The most common treatment for non-melanoma skin cancer is surgery. Because non-melanoma skin cancer is not prone to spreading, surgeons can often remove all traces of it from the body, resulting in an overall cure rate of nearly 95 percent. A surgeon can also help reduce the chance of recurrence by removing a small amount of surrounding healthy tissue during the initial procedure.
Skin cancer surgery can sometimes cause a few minor side effects, such as soreness and scarring, although certain advanced surgical techniques can help preserve nearby tissue and optimize cosmetic outcomes while maintaining an excellent cure rate. Moffitt Cancer Center offers all of the latest techniques for non-melanoma skin cancer surgery, including:
- Mohs surgery, in which a tumor is removed and examined, layer by layer, until no cancerous cells are found. Mohs surgery is offered in conjunction with the USF Department of Dermatology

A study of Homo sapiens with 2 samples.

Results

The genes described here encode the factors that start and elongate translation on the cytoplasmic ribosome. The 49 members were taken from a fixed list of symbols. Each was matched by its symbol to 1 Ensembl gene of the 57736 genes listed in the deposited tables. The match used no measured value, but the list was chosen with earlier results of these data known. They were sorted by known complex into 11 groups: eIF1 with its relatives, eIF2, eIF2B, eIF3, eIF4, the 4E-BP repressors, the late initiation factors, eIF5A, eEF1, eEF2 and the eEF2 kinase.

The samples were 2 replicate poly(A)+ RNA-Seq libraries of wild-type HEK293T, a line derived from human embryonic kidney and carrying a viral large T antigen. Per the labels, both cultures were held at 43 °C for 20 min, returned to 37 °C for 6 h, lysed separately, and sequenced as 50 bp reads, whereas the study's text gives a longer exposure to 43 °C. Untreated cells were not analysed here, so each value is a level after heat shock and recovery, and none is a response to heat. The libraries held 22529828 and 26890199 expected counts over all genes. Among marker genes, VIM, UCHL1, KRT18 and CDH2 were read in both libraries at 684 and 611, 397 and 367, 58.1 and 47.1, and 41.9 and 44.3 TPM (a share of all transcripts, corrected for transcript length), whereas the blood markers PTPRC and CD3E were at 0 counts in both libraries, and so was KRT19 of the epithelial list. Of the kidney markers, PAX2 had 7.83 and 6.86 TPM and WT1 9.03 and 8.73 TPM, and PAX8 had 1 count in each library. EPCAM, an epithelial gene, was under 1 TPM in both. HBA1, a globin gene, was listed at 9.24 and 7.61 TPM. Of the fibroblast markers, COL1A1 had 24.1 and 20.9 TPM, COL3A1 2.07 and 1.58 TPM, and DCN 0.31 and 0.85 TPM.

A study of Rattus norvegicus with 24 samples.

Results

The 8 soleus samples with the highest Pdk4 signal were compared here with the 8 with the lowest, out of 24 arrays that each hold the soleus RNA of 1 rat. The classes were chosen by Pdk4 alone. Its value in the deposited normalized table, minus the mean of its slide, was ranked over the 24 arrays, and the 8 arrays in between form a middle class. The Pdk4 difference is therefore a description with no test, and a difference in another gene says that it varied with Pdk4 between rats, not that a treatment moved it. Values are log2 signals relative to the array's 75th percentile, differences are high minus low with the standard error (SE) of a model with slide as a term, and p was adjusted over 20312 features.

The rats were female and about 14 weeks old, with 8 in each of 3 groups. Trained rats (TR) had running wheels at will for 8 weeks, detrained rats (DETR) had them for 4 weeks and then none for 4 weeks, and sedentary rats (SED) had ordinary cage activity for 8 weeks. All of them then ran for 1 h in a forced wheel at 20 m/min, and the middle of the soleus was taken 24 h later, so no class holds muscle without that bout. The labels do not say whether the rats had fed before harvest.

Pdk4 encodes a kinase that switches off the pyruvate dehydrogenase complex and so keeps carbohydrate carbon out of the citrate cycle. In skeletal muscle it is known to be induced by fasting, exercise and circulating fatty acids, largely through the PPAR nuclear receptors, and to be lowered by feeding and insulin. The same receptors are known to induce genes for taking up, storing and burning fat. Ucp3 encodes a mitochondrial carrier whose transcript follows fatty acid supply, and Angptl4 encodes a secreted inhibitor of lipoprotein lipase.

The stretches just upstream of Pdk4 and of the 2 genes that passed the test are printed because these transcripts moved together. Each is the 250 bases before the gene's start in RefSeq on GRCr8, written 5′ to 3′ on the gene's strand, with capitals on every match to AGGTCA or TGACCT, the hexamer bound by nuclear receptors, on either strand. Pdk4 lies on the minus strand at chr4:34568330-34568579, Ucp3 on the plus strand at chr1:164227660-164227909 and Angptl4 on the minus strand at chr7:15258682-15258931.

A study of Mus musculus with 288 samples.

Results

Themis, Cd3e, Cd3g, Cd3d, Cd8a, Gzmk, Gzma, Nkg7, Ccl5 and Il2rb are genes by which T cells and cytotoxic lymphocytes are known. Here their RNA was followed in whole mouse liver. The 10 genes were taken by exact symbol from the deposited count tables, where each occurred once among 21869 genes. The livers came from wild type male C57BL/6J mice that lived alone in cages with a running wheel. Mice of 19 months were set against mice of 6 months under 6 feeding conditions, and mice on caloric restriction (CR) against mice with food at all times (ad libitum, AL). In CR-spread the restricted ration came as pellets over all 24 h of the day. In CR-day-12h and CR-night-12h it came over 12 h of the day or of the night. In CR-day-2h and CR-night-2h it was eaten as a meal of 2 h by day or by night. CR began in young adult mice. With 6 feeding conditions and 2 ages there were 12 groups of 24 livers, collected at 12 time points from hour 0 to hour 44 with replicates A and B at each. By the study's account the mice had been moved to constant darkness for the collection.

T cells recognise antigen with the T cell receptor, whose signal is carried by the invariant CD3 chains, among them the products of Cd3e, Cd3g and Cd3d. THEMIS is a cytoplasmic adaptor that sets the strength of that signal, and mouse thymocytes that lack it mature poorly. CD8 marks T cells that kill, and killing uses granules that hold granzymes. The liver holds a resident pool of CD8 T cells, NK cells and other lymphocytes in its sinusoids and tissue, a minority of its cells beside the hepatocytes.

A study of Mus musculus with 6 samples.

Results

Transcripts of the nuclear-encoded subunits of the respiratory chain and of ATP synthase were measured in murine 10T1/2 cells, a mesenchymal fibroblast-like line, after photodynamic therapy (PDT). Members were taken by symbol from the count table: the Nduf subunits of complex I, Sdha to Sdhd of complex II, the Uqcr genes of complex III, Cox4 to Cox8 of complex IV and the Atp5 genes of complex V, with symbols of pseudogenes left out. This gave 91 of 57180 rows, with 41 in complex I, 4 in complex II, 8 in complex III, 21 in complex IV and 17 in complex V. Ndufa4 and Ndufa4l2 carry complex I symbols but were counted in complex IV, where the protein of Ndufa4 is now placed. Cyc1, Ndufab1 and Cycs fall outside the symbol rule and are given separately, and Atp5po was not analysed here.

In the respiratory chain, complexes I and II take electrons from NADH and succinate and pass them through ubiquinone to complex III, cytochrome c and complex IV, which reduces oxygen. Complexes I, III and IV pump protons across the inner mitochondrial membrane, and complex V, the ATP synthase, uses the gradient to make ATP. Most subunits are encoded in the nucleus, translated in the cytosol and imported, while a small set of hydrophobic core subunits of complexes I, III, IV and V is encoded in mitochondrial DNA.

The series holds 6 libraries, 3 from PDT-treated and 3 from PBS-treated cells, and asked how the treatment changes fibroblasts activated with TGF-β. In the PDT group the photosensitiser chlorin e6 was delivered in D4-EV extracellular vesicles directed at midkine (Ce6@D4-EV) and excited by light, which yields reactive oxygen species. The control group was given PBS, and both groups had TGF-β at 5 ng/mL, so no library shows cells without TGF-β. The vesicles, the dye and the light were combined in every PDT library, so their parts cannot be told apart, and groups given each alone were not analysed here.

- Dermabrasion, in which the top layer of skin is removed through friction, such as the application of small, polishing granules
- Cryosurgery, in which a small instrument delivers frozen gas (or another freezing agent) to a tumor to destroy cancerous cells
- Electrodessication and curettage, in which a tumor is removed with a curette (a sharp, spoon-shaped instrument) and bleeding is immediately halted with an electrical current delivered through a device with a needle-like tip
Moffitt’s skin cancer surgeons are among the most experienced in the field and perform a high volume of these procedures every year. Even rare and complex skin cancers, such as primary cutaneous lymphomas, can be skillfully treated at Moffitt. And, after skin cancer surgery, patients can trust Moffitt with their long-term monitoring and follow-up, benefitting from our unique surveillance programs that can help detect potential recurrences as early as possible.